2012 might just be the year brands decided to show more and tell less with Facebook marketing. Call it the Tumblr effect or the “Everybody Wants to be Oreo” syndrome — but whatever you call it, brands big and small are using images, not text, in Facebook-for-business posts. Suddenly, the neighborhood butcher and the multi-billion-dollar big box retailer alike are all hunting for the next meme-like image that will get followers talking. All these pretty product pictures got us wondering: Are the days of talkative brand-sponsored posts totally over or can great images and conversations peacefully coexist?
Domestic doyenne Martha Stewart has always stamped her brand with picture perfect visuals, and her Facebook page is no exception. Mama Martha has populated her posts with to-die-for photos of fall soup ideas, crafty things that look hard to make and all kinds of other Marthatypical images. Yet this doesn’t mean the talk has stopped. Far from it, in fact: Martha’s fans are feverishly chatting and want to know how she made this or that, whether you can substitute such and such and eager to share their own crafty creations. The same seems to be happening over at the photo-filled Facebook pages of Bath and Body Works, Target and Sports Illustrated.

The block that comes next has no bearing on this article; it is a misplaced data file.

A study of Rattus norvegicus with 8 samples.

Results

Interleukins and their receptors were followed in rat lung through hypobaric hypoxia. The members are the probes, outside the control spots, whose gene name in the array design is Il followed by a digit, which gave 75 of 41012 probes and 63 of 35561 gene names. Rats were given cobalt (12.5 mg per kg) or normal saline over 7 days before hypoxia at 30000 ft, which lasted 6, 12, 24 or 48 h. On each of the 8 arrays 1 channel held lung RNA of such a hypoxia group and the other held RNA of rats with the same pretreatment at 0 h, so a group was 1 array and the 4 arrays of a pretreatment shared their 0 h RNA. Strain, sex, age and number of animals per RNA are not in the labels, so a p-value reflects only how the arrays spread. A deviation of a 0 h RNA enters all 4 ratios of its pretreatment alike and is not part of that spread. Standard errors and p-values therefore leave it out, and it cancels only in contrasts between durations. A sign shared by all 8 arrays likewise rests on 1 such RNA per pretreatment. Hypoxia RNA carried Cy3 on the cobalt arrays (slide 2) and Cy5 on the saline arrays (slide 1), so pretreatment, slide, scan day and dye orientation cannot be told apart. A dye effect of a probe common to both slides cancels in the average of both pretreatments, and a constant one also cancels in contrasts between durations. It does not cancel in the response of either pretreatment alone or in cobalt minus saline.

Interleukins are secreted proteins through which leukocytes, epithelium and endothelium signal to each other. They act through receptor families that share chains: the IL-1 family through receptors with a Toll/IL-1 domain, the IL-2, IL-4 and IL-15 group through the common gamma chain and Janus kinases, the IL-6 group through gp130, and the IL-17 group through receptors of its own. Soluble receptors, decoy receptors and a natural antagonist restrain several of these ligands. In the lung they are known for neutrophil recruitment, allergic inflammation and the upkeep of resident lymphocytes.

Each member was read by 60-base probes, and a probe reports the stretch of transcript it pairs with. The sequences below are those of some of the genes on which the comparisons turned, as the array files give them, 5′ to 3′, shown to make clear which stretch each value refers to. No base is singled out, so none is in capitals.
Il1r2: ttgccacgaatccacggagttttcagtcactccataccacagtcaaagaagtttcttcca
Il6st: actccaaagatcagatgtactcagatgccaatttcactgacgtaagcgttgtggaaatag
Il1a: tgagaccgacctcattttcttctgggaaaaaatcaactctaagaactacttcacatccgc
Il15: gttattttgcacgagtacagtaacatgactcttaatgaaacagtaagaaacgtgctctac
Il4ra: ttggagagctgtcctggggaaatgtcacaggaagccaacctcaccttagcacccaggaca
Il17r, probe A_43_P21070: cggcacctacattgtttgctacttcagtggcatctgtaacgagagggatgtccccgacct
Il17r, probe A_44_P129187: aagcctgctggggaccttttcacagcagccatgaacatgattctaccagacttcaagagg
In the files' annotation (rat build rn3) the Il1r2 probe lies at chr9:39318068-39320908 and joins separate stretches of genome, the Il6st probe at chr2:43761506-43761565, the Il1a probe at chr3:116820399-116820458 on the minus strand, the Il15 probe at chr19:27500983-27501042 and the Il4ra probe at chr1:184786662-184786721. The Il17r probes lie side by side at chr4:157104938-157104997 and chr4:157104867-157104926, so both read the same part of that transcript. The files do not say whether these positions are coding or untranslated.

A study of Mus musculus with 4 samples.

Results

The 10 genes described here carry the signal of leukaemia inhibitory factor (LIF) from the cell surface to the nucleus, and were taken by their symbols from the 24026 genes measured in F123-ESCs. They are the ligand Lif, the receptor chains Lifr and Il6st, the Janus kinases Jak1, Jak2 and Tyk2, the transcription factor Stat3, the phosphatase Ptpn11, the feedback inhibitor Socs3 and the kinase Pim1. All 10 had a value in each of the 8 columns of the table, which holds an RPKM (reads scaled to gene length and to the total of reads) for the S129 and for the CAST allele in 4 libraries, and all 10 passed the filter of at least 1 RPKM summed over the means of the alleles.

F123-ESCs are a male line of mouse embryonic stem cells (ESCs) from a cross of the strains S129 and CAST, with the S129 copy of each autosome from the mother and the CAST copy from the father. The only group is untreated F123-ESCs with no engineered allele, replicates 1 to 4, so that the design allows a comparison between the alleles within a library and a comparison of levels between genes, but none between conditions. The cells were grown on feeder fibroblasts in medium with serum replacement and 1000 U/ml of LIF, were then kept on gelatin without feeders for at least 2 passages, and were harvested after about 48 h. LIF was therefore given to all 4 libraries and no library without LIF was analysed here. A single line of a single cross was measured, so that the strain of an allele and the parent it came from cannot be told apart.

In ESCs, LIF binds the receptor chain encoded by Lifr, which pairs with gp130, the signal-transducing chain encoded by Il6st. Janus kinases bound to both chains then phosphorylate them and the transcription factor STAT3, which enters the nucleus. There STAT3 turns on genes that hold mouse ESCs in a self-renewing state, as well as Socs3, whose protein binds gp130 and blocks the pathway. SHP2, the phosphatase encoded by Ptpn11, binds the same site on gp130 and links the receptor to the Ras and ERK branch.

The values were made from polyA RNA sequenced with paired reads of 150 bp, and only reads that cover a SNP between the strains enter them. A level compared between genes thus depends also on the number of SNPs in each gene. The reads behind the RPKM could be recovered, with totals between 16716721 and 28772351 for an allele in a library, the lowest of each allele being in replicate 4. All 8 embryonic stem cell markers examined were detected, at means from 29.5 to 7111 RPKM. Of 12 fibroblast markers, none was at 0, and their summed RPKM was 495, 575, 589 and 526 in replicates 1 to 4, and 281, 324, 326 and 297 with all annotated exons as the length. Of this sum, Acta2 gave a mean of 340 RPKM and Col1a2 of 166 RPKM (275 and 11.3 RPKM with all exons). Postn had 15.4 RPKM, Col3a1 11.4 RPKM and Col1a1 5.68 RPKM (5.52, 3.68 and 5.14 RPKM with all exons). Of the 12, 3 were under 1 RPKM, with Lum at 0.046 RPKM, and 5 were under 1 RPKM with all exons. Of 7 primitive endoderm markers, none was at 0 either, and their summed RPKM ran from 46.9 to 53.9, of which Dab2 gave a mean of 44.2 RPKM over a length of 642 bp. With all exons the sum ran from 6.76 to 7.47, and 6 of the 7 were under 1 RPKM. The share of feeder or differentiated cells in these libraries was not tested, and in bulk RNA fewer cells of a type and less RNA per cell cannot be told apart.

Clearly, photo posts are becoming prompts for Facebook fans to launch conversations, arguments and discussions. Most branded posts are so rich with photos, illustrations and infographics that wordy offerings from businesses seem awkward and kind of exhausting. Yet a business’ Facebook page without any interesting text can come off vapid and shallow.
As Facebook management experts, we think there should be a healthy balance. After all, if you own an investment firm or a staffing agency, it isn’t exactly easy to find relevant images to stick in your posts. Memes, photos and illustrations should be used only if they make sense for your business and the overall tone of your Facebook page. Authors and booksellers, for example, still rely on the written word for sales and it would be beyond baffling to have only photos on such a page. Funny and opinionated author Anne Lamott has legions of Facebook fans (81,217 and counting) who follow and chat along specifically for her wordy and sometimes rambling posts. So to answer the question posed at the beginning of this post: No, pictures haven’t killed the chatty Facebook star. They’ve just made our followings even more likely to engage.